A sheet on a drop presents: wrinkle-to-crumple transition

Smooth wrinkles and sharply crumpled regions are familiar motifs in biological or synthetic sheets, such as rapidly growing plant leaves and crushed foils. Nevertheless, the generic route whereby a featureless sheet develops a complex shape remains elusive. Think for instance of a birthday balloon: Two circular foils are glued together at their perimeter and a helium gas in injected, creating higher-than-atmospheric pressure inside the sealed balloon. This simple process leads to a fascinating pattern of wrinkles and crumples that emerge spontaneously near the perimeter of each foil.

Inspired by this example, our recent study addressed the mechanism through which such complex patterns emerge spontaneously. We discovered an unusual sequence of transitions that underlie this and possibly other types of morphological complexity. Instead of commercial balloons, we employed an ultra-thin circular sheet that was naturally stretched over a liquid drop (a surface tension effect). The drop imposes confinement on circles of latitude of the sheet. The degree of this confinement increases when the drop’s radius is decreasing, and an unusual sequence of transitions has been observed, as can be seen in the pictures below. At first (i.e. large drop’s radius), the elastic sheet remained nearly flat, but as the drop’s radius became sufficiently small, the sheet developed fine radial wrinkles near it perimeter (upper picture). Decreasing further the radius led to a second transition, from wrinkles to a crumpled shape (lower picture).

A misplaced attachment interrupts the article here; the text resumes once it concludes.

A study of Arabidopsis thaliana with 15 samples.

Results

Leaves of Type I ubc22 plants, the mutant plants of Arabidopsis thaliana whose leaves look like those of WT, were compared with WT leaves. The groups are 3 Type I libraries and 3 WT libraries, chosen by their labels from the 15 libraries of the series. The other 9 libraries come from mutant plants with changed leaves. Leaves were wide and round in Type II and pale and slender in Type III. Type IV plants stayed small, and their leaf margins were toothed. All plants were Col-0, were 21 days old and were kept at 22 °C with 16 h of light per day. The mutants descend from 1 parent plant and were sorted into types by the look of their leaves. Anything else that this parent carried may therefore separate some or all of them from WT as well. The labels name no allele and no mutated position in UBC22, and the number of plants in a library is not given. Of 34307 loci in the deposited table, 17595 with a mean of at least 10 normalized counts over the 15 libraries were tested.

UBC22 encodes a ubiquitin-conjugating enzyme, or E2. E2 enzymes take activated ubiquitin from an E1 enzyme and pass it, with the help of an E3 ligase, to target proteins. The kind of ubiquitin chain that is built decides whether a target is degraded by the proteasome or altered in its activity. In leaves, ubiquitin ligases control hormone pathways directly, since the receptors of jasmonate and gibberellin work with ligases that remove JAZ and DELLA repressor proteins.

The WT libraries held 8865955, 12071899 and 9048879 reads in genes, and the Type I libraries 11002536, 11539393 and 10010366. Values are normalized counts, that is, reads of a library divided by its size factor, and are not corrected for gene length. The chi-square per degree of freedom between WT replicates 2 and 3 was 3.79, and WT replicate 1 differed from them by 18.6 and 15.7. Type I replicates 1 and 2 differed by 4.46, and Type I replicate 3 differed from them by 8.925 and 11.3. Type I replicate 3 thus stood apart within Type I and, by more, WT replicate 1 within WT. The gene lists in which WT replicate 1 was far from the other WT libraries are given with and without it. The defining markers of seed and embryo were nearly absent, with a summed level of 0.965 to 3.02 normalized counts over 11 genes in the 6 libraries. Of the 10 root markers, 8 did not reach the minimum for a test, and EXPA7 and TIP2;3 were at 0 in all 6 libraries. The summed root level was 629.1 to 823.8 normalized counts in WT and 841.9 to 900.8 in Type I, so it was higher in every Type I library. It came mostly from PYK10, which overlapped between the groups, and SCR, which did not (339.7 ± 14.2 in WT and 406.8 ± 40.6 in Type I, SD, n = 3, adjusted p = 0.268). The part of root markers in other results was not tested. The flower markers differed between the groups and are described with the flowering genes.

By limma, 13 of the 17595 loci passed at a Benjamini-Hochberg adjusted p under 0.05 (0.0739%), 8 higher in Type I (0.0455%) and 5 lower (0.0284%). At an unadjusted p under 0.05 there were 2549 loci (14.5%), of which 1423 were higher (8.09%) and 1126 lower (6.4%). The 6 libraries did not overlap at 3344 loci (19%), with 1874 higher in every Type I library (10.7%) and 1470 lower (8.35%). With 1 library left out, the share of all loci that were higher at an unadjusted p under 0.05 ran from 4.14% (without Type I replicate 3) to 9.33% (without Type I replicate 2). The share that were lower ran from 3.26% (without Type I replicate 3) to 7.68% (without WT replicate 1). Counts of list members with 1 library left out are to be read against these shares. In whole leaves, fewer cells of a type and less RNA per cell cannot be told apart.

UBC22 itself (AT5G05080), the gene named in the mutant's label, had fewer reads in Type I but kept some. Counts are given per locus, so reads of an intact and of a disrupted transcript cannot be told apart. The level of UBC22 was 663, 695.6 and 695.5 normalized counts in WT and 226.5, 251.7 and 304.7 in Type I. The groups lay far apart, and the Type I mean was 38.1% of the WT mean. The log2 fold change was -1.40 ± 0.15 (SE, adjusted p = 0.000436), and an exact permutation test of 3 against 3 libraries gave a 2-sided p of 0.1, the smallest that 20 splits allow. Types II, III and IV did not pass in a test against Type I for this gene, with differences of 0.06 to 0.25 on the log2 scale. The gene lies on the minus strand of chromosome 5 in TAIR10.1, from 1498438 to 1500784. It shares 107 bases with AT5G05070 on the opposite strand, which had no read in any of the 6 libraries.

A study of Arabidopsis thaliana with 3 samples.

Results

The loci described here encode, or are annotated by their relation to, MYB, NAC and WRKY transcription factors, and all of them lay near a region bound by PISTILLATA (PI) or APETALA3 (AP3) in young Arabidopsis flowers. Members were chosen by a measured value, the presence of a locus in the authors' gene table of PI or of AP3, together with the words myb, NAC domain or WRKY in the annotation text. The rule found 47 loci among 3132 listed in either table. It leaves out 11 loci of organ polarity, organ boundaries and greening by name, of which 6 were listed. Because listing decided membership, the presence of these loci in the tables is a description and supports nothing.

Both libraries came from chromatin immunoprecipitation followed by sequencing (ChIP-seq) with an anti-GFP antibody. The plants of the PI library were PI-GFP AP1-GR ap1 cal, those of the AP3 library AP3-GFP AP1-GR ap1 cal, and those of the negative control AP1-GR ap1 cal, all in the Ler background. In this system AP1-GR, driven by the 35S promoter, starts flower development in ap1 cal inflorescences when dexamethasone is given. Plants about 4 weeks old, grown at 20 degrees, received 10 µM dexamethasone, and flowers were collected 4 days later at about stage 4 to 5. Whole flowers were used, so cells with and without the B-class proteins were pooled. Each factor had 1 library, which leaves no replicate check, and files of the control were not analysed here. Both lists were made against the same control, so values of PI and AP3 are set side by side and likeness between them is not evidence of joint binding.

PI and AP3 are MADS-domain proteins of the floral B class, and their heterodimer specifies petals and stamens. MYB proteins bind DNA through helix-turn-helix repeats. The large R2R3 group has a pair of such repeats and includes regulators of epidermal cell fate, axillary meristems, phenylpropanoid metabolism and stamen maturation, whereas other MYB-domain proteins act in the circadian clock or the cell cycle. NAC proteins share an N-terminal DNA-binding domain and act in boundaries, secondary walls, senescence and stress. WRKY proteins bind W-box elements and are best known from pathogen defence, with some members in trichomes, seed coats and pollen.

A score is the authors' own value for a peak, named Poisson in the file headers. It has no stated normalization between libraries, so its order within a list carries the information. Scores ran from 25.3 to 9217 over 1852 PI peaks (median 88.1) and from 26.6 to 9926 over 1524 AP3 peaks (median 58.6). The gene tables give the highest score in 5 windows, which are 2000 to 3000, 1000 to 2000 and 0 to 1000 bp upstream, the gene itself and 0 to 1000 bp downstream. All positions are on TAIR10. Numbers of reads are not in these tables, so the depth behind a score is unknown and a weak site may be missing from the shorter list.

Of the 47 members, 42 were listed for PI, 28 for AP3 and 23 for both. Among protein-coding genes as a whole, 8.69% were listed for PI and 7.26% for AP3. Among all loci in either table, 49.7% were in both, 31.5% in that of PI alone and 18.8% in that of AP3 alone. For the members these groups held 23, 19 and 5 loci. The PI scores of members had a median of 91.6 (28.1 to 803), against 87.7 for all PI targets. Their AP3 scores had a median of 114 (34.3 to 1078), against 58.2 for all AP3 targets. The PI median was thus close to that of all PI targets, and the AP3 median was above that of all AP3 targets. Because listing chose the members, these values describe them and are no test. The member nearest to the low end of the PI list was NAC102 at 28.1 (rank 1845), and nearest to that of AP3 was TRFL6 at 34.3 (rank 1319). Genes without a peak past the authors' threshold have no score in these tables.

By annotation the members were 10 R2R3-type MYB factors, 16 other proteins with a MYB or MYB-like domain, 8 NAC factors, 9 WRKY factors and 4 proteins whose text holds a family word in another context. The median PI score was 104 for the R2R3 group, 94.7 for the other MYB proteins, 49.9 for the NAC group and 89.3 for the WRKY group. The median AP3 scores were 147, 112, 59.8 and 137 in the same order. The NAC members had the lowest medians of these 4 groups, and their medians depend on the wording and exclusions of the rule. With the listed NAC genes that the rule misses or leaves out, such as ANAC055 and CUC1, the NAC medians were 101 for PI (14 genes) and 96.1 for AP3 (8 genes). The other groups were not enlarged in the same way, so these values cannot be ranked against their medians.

This sequence of transitions was understood through a recently-developed theoretical approach, a study which was published last fall in another PNAS paper, on which you can read in this blog. This theory proposed quantitative predictions of wrinkle patterns in ultrathin sheets by following the principle that such sheets must be free of compression. The sheet-on-drop experiment confirms these theoretical predictions, and suggests that the wrinkle-to-crumple transition reflect a dramatic change (called “symmetry breaking”) in the distribution of stresses in the sheet rather than just a further disruption of its symmetric shape.


A link to the paper, by H. King, R.D. Schroll, B. Davidovitch, and N. Menon.

The paper was featured on PNAS Cover.

An interview in NEPR (“All things considered”) with Benny and Hunter.